Sre Ambel, Koh Kong Province (October 05, 2018) - After their release in November last year in Sre Ambel River system, the WCS monitoring team and the Department of Fisheries Conservation of Fisheries Administration, Ministry of Agriculture, Forestry and Fisheries reported that recovery efforts for the only remaining wild population of the Southern River Terrapin are showing signs of success. All of turtles that were released in 2017 have been detected since. The monitoring data shows that one has travelled to another river system which is nearly 100 km away from the release site. Another one was captured by a fisherman and handed over to the project. The released turtles are now dispersing over a wider area.
The Southern River Terrapin, also known locally as Royal Turtle (Batagur affinis), is one of the world’s 25 most endangered freshwater turtles and tortoises. It is listed on the IUCN Red List as Critically Endangered, and has been designated as Cambodia’s National Reptile by a Royal Decree issued in 2005. Due to illegal fishing and sand mining along the Sre Ambel River in Koh Kong Province, the only place the species is still found in Cambodia, the species is at great risk of extinction.
The Royal Turtle was believed extinct in Cambodia until 2000 when a small population was rediscovered by Fisheries Administration (FiA) and WCS in the Sre Ambel River. Since then, WCS and FiA have been working together to protect the species from extinction. Conservation activities include nest protection program, head-starting, law enforcement, monitoring and outreaches.
“The nest protection program plays a vital role to protect the species by paying former egg collectors to protect nests, generating extra income for them and allowing nests to successfully hatch,” said Mr. Som Sitha, Technical Advisor to the project.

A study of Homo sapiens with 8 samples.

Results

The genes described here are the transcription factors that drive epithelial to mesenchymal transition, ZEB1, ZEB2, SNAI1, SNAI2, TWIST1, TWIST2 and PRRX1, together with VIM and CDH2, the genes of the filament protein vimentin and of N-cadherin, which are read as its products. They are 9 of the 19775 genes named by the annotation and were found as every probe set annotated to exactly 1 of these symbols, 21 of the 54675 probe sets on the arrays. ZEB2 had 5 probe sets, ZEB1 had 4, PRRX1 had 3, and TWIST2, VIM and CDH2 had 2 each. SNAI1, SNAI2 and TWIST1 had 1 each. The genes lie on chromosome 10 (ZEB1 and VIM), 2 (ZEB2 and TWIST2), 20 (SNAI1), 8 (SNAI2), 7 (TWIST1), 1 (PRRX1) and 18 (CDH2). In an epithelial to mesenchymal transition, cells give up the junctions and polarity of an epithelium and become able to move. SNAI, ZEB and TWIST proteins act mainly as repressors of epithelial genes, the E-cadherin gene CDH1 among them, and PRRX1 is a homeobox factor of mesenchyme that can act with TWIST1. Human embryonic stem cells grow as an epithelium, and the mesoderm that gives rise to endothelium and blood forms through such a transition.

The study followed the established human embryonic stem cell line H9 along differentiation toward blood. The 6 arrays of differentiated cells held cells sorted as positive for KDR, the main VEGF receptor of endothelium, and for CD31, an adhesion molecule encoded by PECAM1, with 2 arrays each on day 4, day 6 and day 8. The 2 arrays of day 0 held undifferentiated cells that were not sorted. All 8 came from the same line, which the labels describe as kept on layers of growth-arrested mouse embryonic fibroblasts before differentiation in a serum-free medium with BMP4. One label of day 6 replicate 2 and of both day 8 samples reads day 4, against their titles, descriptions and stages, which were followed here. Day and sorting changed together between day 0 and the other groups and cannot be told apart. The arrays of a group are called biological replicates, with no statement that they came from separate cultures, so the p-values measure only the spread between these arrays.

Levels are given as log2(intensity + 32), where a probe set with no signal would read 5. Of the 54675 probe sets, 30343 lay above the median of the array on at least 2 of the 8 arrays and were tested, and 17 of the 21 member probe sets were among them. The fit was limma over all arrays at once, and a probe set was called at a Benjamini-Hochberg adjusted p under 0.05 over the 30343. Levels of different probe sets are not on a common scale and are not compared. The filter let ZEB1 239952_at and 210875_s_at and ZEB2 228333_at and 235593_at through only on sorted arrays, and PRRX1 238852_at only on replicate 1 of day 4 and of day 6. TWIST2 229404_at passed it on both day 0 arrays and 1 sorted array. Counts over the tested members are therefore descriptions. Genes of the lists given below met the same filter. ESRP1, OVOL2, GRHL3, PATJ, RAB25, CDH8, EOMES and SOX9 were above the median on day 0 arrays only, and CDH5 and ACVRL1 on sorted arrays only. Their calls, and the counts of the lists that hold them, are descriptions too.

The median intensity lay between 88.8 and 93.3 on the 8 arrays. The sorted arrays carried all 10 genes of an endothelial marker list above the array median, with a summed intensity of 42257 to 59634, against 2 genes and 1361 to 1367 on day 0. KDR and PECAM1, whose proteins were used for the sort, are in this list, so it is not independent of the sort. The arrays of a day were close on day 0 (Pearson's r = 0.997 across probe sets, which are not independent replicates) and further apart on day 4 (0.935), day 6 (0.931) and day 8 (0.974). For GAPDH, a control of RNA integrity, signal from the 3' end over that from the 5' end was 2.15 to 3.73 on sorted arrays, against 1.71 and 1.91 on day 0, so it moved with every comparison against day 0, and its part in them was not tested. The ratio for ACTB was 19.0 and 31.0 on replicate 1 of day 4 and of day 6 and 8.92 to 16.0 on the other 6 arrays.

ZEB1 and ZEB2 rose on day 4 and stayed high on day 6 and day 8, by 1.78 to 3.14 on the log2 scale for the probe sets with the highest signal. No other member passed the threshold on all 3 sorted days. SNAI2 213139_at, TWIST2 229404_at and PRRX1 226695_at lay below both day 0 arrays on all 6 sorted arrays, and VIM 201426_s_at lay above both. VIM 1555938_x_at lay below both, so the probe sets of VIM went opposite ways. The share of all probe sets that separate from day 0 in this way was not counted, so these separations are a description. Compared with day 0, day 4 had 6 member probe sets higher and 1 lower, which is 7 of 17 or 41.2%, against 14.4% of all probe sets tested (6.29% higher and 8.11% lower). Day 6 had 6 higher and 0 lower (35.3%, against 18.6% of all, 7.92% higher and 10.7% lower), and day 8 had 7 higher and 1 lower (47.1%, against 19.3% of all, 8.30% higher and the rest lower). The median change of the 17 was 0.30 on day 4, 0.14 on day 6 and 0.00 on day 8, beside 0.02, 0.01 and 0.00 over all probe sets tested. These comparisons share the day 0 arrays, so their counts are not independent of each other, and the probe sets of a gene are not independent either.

“The program has released two groups of our head-starting Royal Turtles consisting of equal numbers of sub-adult males and females into their natural habitat in 2015 and 2017. Our post-release monitoring program has showed that control of threats means that there is high survival of turtles, bringing hope that we can restore the wild population,” he added.
“Sand dredging, logging of riparian forest and illegal fishing are the big issues that degrade all the turtle’s habitat, especially their nesting beaches. We need support from all relevant institutions to limit the level of threats along the Sre Ambel River system ,” said Mr. Ouk Vibol, Director of Fisheries Administration Conservation Department.
“FiA is now drafting a Ministerial Proclamation (Prakas) of the Ministry of Agriculture, Forestry and Fisheries to put most sections of the Sre Ambel River system into a management zone for Royal Turtle and Siamese Crocodile. This Prakas will come into effect very soon,” he added.
Royal Turtle conservation would not be possible without support from Wildlife Reserves Singapore, Turtle Survival Alliance, National Geographic Society, Chicago Zoological Society, US Forest Service, Rainforest Trust, and Critical Ecosystem Partnership Fund.